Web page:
Central banks' hawkish policies impact commodities and dollar




The Federal Reserve (and other central banks) pushed commodities lower in some cases as investors had to adapt to a prolonged monetary policy stance. The "hawkish" do-nothing approach confirmed by the Fed, Bank of England, European Central Bank, Swiss National Bank, and the Reserve Bank (with the exception of the Bank of Japan, which maintained its ultra-easy policy for another month) will also compel commodity markets and investors to accept a stronger US dollar for an extended period.

This, in turn, will exert pressure on users, producers, and traders, potentially causing them to stumble. External factors such as oil production cuts, global warming (including El Nino in Eastern Australia), US political and financial unrest (such as the looming government shutdown from October 1), and the health of the Chinese economy could further contribute to this uncertainty.

World oil prices closed above $US90 a barrel for the second consecutive week, although with modest losses compared to the previous week's significant gains. Iron ore saw an increase on Friday but ended the week lower, while copper declined. Gold performed weakly throughout the week, partly due to the US dollar reaching a six-month high.

Comex gold futures gained 0.3% to reach $US1,945.40 per ounce, with a marginal 0.04% increase for the week. Conversely, copper experienced a substantial 2.7% decrease, falling below $US3.70 per pound to close at $US3.6940. Their resilience will be tested with the release of Chinese manufacturing and service sector activity surveys for August.

Federal Reserve Chair Jay Powell is scheduled to give a speech on Wednesday, his first comments following the central bank meeting a week ago and his subsequent media conference.

Both Brent and US West Texas Crude recorded higher prices on Friday, though slightly lower for the week. WTI ended the week up 0.3% at $US90.33, while Brent closed at $US92.43, marking a 0.5% daily increase but nearly a 2% decrease for the week.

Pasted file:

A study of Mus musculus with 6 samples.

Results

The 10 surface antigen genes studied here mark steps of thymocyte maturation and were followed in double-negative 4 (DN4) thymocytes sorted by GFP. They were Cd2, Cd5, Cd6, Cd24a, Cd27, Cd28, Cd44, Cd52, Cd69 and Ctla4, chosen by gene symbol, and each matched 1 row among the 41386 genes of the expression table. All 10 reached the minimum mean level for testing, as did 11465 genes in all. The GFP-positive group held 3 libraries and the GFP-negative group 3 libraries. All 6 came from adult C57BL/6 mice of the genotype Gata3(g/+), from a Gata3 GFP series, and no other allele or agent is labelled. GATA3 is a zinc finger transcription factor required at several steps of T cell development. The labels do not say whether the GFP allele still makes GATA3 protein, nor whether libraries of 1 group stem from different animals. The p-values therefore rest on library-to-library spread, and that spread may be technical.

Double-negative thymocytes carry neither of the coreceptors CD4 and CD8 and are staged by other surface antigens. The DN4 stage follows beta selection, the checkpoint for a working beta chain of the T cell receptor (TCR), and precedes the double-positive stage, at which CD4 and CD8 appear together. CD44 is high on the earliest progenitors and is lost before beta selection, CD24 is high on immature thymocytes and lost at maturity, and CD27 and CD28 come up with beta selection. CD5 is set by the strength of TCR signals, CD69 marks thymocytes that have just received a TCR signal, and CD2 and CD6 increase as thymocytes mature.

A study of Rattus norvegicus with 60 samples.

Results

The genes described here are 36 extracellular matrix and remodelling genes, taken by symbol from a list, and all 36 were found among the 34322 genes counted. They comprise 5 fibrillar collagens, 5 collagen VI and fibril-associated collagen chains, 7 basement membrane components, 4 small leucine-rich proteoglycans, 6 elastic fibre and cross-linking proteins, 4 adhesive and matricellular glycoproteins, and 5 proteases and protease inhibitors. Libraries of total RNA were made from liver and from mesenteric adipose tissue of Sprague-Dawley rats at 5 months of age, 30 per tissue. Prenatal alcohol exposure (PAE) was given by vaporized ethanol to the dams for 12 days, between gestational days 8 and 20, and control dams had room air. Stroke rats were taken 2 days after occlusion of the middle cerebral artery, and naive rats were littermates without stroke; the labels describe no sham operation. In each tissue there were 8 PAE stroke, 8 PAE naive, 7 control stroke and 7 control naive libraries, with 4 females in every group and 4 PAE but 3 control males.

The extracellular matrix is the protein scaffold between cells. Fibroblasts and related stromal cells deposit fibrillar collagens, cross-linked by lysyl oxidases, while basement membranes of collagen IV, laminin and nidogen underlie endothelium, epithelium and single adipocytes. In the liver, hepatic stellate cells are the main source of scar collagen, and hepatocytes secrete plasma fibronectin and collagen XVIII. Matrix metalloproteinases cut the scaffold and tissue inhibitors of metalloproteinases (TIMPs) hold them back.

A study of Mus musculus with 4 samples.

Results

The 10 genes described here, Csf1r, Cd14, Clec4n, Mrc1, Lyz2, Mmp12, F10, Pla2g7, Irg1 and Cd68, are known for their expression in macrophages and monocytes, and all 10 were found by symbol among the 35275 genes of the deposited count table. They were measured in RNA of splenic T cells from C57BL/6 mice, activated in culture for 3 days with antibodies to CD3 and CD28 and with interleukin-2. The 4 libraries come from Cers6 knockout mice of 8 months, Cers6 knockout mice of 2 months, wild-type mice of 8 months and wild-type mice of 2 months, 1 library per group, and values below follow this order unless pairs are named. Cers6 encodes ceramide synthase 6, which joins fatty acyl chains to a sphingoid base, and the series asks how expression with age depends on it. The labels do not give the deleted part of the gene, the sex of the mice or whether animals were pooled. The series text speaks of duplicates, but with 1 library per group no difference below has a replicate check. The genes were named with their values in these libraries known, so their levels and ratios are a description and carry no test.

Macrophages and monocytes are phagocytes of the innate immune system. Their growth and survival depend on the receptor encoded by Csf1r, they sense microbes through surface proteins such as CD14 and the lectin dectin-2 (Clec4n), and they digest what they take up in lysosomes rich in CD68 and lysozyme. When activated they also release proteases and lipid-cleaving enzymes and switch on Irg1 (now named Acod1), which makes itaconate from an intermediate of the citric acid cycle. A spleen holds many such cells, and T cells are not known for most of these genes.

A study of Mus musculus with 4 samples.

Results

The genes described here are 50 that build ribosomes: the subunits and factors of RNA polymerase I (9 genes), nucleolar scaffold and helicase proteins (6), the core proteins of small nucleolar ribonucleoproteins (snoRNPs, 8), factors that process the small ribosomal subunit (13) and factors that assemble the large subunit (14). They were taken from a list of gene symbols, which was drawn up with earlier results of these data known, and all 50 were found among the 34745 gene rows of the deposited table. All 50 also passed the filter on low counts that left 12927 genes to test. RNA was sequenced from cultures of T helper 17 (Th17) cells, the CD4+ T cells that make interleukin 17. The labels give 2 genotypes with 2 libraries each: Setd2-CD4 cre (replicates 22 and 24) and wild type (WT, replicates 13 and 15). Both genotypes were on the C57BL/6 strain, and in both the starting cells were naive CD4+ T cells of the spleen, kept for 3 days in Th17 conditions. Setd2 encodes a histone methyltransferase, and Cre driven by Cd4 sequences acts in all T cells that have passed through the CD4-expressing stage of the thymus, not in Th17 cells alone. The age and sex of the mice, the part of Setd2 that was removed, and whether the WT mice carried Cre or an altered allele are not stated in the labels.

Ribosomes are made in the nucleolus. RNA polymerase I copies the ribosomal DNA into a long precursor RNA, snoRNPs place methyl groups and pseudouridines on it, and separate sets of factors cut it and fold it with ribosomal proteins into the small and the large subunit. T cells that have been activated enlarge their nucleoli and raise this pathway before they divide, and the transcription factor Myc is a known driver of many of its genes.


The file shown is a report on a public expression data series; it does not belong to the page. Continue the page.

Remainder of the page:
Despite another substantial decrease in US oil rig usage last week, it had little impact on Friday. A total of 11 rigs concluded their oil and gas campaigns in US oil regions, primarily the shale formations of the Midwest and Southwest (Permian Basin). According to Baker Hughes, the US energy services group, the number of oil rigs operating in the US fell by eight last week. The count for oil rigs declined to 507 from 515, while the total for gas decreased by three to 118. Miscellaneous rigs remained unchanged at five. A year earlier, the US had 602 oil rigs, 160 gas rigs, and two miscellaneous rigs in operation.

Overall, there were 630 rigs operating in the US this week, marking a 17.5% decrease compared to the 764 in operation a year earlier.

A new factor impacting oil and gas markets is Russia's ban on diesel and gasoline exports, tightening supply. Russia imposed a ban of around one million barrels per day of diesel and gasoline exports, citing the aim of stabilising domestic fuel prices. However, some observers view this ban as part of Vladimir Putin's strategy to weaponize energy exports amid the ongoing conflict with Ukraine. This export ban further reduces supply, already constrained by Saudi Arabia's one-million-barrel-per-day production cut set to last until year-end, and Russia's 300,000-barrel-per-day cut over the same period. These reductions prompted the International Energy Agency to warn earlier this month of a "substantial market deficit" in the fourth quarter.

Newcastle thermal coal prices closed at $US162.40 per tonne for November delivery, marking a 4% decrease for the week. Singapore iron ore futures rebounded to $US120 a tonne after Thursday's decline, closing at $120.95, which was $US2 lower than the previous Friday.

The Federal Reserve held interest rates steady last week, but there is a possibility of a 25-basis-point rate hike before the end of the year, according to the Fed's updated quarterly projections. The new forecast indicates two cuts, instead of four, for the following year. If the economy continues its current strong performance, 2024 might see one or no cuts.


Name Glenn Dyer

Glenn Dyer has been a finance journalist and TV producer for more than 40 years. He has worked at Maxwell Newton Publications, Queensland Newspapers, AAP, The Australian Financial Review, The Nine Network and Crikey.